Study highlights impact of trauma on firefighters
More support will be provided for firefighters, following a study into their mental and physical health.
The South Australian Metropolitan Fire Service (MFS) and the University of Adelaide have conducted the study in order to gain a more accurate picture of workplace health.
In particular, the MFS wanted to better support and manage the risks to employee health, right from the time they are recruited and all the way through to their retirement years.
In all, 578 MFS firefighters volunteered to participate in the study. This documented the lifetime cumulative exposure to emergency incidents that they had attended, including those involving serious injuries, fatalities and distressed people.
The study estimates that about 5% of firefighters meet criteria for PTSD, with exposure to workforce trauma an inherent part of a firefighter’s role. It contains a number of recommendations for the MFS to consider and implement.
“This study is the first time internationally that there has been a systematic assessment, using a gold standard methodology, of mental health and wellbeing of an emergency service — a service we all rely on to keep us safe and protect our property. This approach allowed a comparison with the mental health of the Australian community and the Australian Defence Force, who have similar high levels of traumatic exposures,” said the director of the University of Adelaide’s Centre for Traumatic Stress Studies, Professor Sandy McFarlane, who led the study.
“The report has highlighted that there are significant mental health and wellbeing issues among firefighters stemming from the nature of their work. These affect social and family aspects of their lives as well as workplace function and need to be addressed with integrated and strategic workplace programs.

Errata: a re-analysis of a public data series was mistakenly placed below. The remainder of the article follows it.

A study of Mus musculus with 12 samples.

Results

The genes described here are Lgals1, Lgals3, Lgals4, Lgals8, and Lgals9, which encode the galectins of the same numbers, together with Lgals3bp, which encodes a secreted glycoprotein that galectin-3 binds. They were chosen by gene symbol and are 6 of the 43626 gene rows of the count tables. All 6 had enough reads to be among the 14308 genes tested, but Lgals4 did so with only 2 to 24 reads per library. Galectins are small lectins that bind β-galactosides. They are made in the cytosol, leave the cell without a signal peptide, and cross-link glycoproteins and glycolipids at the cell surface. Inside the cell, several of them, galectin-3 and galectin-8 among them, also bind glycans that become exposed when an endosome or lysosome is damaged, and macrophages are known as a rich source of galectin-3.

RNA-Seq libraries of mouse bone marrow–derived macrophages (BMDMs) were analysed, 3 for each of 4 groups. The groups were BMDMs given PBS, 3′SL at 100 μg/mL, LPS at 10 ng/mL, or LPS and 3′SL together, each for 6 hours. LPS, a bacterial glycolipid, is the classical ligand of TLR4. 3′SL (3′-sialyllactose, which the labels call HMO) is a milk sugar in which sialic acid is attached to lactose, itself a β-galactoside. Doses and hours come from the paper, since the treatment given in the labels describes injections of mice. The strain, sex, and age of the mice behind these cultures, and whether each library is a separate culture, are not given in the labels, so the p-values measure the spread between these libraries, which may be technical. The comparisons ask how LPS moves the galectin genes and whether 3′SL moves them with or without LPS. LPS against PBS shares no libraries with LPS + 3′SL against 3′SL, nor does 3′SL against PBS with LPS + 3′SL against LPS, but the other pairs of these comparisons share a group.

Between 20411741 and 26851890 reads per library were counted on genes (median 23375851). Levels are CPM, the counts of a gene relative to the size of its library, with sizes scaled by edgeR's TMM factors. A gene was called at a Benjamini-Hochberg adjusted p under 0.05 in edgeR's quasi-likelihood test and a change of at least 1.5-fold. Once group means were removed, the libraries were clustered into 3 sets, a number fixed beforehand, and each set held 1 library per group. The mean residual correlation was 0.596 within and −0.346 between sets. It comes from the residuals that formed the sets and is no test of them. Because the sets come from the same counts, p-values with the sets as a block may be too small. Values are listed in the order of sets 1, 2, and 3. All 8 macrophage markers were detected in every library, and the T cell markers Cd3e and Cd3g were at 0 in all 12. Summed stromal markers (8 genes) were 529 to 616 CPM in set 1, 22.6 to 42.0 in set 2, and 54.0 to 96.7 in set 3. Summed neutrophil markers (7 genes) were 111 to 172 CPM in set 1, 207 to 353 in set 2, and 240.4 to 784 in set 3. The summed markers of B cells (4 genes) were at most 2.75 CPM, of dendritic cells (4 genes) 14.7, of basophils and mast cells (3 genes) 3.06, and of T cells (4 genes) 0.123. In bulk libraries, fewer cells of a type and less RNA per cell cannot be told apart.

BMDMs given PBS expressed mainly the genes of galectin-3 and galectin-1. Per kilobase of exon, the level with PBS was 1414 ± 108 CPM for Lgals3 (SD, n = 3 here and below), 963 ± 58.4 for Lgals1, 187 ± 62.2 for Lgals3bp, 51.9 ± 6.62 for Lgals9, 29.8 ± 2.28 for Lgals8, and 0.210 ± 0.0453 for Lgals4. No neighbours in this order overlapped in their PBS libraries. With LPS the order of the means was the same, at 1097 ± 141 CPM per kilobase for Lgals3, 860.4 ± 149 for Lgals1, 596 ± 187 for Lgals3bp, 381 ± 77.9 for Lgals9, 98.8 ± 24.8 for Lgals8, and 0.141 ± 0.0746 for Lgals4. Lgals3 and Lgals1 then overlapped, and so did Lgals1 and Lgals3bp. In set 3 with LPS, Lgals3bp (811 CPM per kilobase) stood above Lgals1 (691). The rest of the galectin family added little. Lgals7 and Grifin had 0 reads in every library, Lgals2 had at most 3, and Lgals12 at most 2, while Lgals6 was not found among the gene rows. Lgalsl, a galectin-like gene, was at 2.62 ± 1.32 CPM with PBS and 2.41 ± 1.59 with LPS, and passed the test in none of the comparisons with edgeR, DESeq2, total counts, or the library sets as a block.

“The challenge now is to optimise preventive measures so that those who volunteer their services to protect the community are able to have a long career without adverse consequences to their mental and physical health.”
The MFS will now enhance existing support systems by establishing a dedicated Wellness and Safety Department that unites its Employee Support and Work Health and Safety functions.
The creation of the new department is in keeping with the study’s findings of a strong relationship between mental and physical health.
One of the department’s first initiatives will be the implementation of Mental Health First Aid training for all personnel. This will better equip staff to identify if a colleague requires help.
Prevention of physical injury and mental health issues such as post traumatic stress disorder (PTSD), anxiety and depression will also be a focus of the department.
The MFS has also fully funded the development of Australia’s first Mental Health First Aid training film specifically designed for first responders, which will be launched nationally this month.
“I’d like to thank all firefighters who participated in this important study. It is not an easy task to look back through your career to recall and recount traumatic emergency incidents. However, their open, honest input will benefit the mental and physical wellbeing of the MFS workforce for many years to come,” said Metropolitan Fire Service (MFS) Chief Officer Greg Crossman.
“We also anticipate that other emergency services agencies across Australia will be able to take learnings from this groundbreaking study, so the benefits will stretch beyond South Australia.”
The study was funded by a National Health and Medical Research Council Partnership Grant.
The results of the study will be provided to all staff and an opportunity will be provided in the near future for firefighters and staff to learn more.